I’ve been trying to refinance my Georgia home for at least a year. I have a 7 percent conventional mortgage with a big, locally based bank.
I’ve been told that my loan is a Fannie Mae loan, but I don’t qualify for HARP because my original loan was under a first-time home buyer’s program with a 3 percent down payment. I owe approximately $87,000, and various Web sites estimate my home’s value at around $74,000. My credit scores are excellent. How can I refinance?
Unfortunately, if you don’t qualify for a Home Affordable Refinance Program (HARP) loan, it will be difficult to refinance your property if you’re truly underwater. That’s because you don’t have enough equity to repay your original loan.
We don’t believe Web sites are the be-all-end-all when it comes to judging home values. In many parts of the country, home prices have risen to a point where many folks are no longer underwater. You should check with a local real estate agent who sells frequently in your neighborhood.
That said, some 10 million Americans are still underwater with their mortgages, and many of those live in Georgia, as you do.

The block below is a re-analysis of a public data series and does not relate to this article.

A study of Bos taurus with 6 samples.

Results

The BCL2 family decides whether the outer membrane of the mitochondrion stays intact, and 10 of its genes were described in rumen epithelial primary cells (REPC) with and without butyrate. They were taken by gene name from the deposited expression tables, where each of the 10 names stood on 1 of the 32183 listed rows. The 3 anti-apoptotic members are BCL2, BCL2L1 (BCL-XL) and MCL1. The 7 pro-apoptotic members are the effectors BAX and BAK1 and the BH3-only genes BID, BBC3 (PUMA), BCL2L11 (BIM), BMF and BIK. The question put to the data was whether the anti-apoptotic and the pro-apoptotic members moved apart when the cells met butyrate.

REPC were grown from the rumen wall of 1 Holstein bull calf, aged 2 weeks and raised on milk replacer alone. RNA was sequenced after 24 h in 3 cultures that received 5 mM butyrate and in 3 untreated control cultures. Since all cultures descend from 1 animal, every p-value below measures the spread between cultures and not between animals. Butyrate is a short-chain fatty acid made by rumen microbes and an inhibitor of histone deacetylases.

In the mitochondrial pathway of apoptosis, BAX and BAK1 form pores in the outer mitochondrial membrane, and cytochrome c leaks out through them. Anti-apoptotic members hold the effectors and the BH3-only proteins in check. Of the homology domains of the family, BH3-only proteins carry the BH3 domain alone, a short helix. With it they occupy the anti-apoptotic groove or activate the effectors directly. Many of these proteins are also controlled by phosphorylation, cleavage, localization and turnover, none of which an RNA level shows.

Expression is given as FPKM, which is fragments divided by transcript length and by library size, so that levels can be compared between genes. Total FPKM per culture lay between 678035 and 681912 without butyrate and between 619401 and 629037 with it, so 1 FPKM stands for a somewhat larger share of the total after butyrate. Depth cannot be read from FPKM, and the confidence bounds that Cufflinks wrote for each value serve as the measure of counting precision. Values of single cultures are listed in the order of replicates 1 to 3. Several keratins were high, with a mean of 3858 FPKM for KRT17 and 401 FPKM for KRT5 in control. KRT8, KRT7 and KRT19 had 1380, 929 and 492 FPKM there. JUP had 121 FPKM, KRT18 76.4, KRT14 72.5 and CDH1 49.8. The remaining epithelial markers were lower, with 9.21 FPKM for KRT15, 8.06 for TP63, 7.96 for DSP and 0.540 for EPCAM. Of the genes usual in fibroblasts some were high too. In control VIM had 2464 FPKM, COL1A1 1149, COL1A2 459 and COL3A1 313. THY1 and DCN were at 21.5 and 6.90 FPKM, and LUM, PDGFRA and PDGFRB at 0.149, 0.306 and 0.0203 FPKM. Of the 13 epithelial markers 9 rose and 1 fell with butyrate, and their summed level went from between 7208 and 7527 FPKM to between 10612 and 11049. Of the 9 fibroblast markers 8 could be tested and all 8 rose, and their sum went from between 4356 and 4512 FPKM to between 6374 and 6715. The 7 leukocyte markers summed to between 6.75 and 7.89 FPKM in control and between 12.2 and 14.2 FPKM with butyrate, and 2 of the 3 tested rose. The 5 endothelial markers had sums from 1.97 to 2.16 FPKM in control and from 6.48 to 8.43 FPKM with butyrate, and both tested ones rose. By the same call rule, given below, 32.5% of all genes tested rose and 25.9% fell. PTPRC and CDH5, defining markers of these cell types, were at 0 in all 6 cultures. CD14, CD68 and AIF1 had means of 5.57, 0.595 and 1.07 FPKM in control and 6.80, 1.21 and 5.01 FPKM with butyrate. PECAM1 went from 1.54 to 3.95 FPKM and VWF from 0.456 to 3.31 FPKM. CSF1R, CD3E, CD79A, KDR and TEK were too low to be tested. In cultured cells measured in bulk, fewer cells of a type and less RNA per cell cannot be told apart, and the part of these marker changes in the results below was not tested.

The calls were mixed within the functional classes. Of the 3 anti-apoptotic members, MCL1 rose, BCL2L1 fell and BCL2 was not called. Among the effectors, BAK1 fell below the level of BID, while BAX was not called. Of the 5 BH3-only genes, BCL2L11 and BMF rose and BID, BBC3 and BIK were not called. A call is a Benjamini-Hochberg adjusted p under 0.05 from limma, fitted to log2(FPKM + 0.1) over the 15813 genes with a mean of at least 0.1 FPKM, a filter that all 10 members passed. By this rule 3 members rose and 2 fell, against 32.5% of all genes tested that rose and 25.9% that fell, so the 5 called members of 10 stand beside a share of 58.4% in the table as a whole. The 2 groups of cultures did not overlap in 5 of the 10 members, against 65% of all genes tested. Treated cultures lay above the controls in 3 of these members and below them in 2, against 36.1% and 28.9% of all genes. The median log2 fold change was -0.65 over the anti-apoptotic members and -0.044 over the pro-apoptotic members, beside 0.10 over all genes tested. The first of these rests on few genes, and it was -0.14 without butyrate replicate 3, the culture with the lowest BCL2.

The federal government has recently eased rules for the HARP refinancing process, and it’s possible that if you haven’t tried to refinance recently, your loan will now be eligible. Since your loan is Fannie Mae, you know that you have at least one important part of the puzzle.
Go to HARP.gov, which is the government’s new Web site for people who want to refinance and are underwater. The site recommends if you’re turned down for a HARP refinance that you try again. That’s good advice. It also suggests you try multiple lenders and provides a link to HARP-approved mortgage lenders. You should also ask for a HARP specialist, someone who can walk you through the process.
One cautionary note: Please have realistic expectations. Because you are underwater, you won’t receive the lowest interest rates you may be reading about. You can expect your interest rate to be around 5 percent, which will still save you a significant amount of money each month.
You should also know that you don’t need to go to your same lender to refinance. You should seek out a reputable mortgage broker or mortgage lender in your area and inquire about refinancing. When you do inquire, don’t give them your Social Security number. You should only give them your Social Security number when you actually apply for a loan.
Good luck. We hope that this time you’re able to achieve your goal of refinancing.
Ilyce R. Glink’s latest book is “Buy, Close, Move In!” If you have questions, you can call her radio show toll-free (800-972-8255) any Sunday, from 11 a.m. to 1 p.m. EST. Contact Ilyce through her Web site, www.thinkglink.com.